California Forced To Scrap Bill Allowing Kids To Have Covid Jabs Without Parental Consent


A California bill that would have allowed children get ‘vaccinated’ against covid without parental consent was scrapped last week after failing to generate sufficient support.

The bill’s author, Democratic State Senator Scott Wiener, has blamed a “small but highly vocal and organized minority of anti-vaxxers” for stopping the legislation.

SB 866 would have allowed teens 15 and above to recieve any vaccine approved by the US Food and Drug Administration and Centers for Disease Control and Prevention, without parental knowledge or approval.

Lifesite news reports: If the legislation had passed, California children would have been able to receive the experimental mRNA COVID-19 jabs even if their parents objected. The FDA and CDC have both approved the Pfizer and Moderna jabs for children and babies ages six months and up.

A coalition of groups dedicated to pushing back against coercive vaccine mandates slammed the bill as a “blatant, dangerous trampling of California parents’ and guardians’ ability to protect and care for their children.”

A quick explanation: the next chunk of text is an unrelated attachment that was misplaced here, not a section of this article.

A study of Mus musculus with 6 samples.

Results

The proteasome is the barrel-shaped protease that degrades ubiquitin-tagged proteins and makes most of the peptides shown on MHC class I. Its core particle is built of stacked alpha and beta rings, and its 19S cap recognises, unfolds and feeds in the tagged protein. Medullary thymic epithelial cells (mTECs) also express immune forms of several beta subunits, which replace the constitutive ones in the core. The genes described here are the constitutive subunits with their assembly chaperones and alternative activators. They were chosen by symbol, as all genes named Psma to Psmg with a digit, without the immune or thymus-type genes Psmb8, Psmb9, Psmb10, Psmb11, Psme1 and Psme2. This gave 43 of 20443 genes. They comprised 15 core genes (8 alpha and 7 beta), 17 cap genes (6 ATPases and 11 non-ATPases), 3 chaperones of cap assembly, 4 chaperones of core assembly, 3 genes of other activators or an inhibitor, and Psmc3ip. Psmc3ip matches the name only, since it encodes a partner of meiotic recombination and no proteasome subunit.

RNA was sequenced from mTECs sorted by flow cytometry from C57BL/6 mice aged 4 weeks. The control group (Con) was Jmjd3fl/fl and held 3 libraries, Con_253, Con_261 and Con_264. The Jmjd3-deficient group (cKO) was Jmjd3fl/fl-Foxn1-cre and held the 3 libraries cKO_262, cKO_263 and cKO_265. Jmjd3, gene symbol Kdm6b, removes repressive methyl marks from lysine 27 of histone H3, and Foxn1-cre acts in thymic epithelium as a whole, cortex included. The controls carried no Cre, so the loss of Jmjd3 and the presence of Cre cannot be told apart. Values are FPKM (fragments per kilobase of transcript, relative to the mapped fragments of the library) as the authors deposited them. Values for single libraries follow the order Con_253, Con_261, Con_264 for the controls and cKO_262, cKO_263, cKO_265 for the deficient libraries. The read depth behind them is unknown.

In a statement on his website, Sen. Wiener argued the legislation would build “on existing law, which currently allows minors 12 and over to make choices about their bodies around reproductive healthcare.”

Wiener noted that under current California law, children ages 12 and up may already receive the HPV and hepatitis B vaccines without parental approval, and can also obtain birth control and kill their unborn babies without notifying their parents.

According to the California senator, SB 866 would have expanded “the autonomy young people over 12 already have over their sexual health” and “receive additional life-saving vaccines if they choose.”

However, the bill failed to garner sufficient support even to come before the State Assembly for a vote.

Sen. Wiener announced Wednesday that the proposal would be shelved, accusing a “small but highly vocal and organized minority of anti-vaxxers” of derailing his effort to circumvent parental approval for vaccines.

“The anti-vaxxers may have prevailed in this particular fight, but the broader fight for science and health continues,” he said in a statement, arguing that the bill’s opponents engaged in “months of harassment and misinformation” before the measure was ultimately tossed out.